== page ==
Donald A. Cadogan, Ph.D.
We all want our intimate relationships to be the best they can be. We seek partners who care as much about our needs as their own. And one way we can achieve this is by being the kind of person we are looking for, that is, by being willing ourselves to both give as well as take in the relationship. But in order to make such an arraignment last we must strive for parity between what we receive and what we provide. We must find some reasonable symmetry between our generosity and our selfishness if we are to avoid problems. In other words, if you do a great deal more for your partner than s/he does for you, you will probably feel cheated sooner or later and become bitter. Conversely, if your partner does much more, s/he will likely become unhappy with you. Striking an evenhanded balance here is one important way to avoid the destructive resentments that can easily undo an otherwise good partnership.
However, I'm not talking about seeking perfect equality between what you get and what you give, for no relationship is exactly 50:50. I am suggesting instead you simply strive to avoid what might be called a martyr - exploiter imbalance where one person clearly uses the other or is used excessively by the other.
Unfortunately, without being aware of it, many of us develop a tendency to give too much or else to take our partners for granted and give too little back. The following quiz was developed to help you determine whether you are primarily a Giver or Taker. Knowing this can help you correct any potentially harmful inequities.
Circle T (true) or F (false) on each question before looking at
the answers. Try to answer the questions with the first response that comes to
your mind. This will enable the quiz to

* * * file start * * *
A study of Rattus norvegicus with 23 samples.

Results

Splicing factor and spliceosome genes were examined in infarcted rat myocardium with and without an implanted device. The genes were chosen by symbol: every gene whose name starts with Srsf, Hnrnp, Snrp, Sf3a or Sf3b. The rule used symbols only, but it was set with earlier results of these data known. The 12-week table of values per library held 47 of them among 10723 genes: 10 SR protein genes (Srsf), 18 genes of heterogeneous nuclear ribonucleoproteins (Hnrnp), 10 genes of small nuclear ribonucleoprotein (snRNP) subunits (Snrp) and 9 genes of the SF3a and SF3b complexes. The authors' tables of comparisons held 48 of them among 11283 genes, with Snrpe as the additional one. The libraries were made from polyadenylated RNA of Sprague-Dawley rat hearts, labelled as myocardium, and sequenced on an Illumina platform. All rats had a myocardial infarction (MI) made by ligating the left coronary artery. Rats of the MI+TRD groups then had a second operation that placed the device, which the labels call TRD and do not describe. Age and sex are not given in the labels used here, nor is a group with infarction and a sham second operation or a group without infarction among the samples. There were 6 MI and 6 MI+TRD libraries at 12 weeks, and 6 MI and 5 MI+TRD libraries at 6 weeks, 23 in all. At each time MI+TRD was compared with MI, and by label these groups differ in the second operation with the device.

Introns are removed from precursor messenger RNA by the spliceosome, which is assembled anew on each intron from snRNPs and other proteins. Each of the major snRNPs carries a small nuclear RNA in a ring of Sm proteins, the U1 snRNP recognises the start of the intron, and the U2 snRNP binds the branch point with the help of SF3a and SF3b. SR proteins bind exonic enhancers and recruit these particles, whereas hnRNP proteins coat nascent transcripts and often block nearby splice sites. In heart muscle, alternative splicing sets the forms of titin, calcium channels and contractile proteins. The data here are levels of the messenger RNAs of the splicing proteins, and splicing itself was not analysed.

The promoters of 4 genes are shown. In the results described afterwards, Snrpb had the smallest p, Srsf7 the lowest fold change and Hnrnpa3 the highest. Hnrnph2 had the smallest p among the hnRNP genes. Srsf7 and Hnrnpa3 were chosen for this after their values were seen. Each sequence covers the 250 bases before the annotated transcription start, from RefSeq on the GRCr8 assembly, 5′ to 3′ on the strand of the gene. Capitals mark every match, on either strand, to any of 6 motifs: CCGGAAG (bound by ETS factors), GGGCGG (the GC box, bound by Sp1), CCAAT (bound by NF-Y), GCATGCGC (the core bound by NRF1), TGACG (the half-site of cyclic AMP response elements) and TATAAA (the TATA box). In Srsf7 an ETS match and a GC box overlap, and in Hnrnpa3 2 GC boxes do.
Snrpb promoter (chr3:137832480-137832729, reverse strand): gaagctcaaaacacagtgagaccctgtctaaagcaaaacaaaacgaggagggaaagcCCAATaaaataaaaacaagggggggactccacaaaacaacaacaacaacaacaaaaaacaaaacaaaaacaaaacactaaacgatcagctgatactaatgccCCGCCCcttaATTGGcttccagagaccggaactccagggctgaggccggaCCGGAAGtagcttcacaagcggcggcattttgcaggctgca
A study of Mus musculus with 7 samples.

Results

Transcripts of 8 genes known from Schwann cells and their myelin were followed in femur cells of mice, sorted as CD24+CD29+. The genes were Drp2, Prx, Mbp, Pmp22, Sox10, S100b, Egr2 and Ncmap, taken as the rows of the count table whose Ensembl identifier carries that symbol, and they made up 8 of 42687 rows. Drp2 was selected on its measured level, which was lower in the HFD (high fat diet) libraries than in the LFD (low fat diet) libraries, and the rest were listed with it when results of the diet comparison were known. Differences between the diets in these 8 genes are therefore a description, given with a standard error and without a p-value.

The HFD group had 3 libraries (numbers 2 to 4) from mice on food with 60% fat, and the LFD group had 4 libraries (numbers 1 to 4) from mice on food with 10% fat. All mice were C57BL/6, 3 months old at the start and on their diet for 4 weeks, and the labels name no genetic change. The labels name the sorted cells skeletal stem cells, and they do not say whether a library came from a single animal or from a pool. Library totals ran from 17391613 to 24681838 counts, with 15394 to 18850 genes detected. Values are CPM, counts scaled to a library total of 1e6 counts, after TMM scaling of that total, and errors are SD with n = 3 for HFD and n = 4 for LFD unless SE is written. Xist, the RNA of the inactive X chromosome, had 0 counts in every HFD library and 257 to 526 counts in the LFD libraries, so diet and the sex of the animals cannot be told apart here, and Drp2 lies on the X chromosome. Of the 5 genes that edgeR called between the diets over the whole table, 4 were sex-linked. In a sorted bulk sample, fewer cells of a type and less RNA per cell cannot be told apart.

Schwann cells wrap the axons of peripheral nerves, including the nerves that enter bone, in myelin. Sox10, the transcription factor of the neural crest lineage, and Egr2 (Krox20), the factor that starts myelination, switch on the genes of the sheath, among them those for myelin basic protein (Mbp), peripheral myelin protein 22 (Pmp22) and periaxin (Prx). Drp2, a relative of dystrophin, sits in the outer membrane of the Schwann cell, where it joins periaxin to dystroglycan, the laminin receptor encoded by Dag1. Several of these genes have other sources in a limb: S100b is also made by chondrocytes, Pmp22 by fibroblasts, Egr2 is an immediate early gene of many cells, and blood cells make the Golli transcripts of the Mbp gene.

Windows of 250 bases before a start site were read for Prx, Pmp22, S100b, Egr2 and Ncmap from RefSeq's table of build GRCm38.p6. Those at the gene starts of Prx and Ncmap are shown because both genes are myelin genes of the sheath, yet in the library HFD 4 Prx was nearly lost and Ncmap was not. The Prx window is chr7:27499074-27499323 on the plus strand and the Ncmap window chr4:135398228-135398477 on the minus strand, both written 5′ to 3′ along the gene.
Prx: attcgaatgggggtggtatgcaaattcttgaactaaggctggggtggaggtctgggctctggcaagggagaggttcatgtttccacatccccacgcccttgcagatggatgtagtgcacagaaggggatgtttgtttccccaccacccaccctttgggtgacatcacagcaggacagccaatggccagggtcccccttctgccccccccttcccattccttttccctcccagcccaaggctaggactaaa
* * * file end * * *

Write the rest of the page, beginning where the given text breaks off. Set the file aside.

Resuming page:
best present a picture of your natural tendencies. Please note, however, surveys of this kind are not definitive and
can only reflect trends in your personality.
1. I agree with the following statement: It’s nice to be important, but more important to be nice T F
2. I need to be liked by others more than other people seem to. T F
3. I do not believe that nice people finish last. T F
4. I believe that most people on welfare are truly in need. T F
5. I frequently give to charity. T F
6. Christmas is my favorite holiday. T F
7. There was much love in my family when I was a child. T F
8. My efforts to achieve or succeed in life are seldom interfered with by others. T F
9. I do not agree with this saying: Do unto others as they would do unto you, but do it first. T F
10. I usually feel uncomfortable when others do things for me. T F
11. I am usually crushed when others have bad opinions of me. T F
12. I believe that if you cannot say something nice about someone, don't say anything. T F
The T (true) answers represent qualities often found in Givers, or people who are compliant, pleasing, or other-oriented. Such individuals tend to seek approval and have a great desire to be liked by others. They have a propensity to give or do a great deal for others with the hope of being liked. Some psychologists believe that about fifty percent of our population has this characteristic.
In the extreme, however, Givers or compliant personalities lack assertiveness and are easily exploited. In such cases resentment and hostility readily develops. But, for fear of rejection, their anger is seldom expressed until it builds to the point of rage. Ten of more T answers would suggest an extreme in this area.
The F (false) answers reflect qualities often found in Takers, or people who are aggressive and self-oriented. Some of these take-charge characteristics can be helpful for effective leadership. But in its extreme, it creates resentment, hostility and, eventually, opposition. Eight or more P answers suggest the extreme in this position.
Perhaps some politicians or business executives are driven by elevations in the narcissistic or “selfish” characteristics found in the Taker style. In intimate relationships, however, the advantage goes to more loving individuals who are comfortable being a little more giving than taking. It is Important to remember that relationships can be easily undone by constant bickering over the 51 – 49 percent giving/taking spot.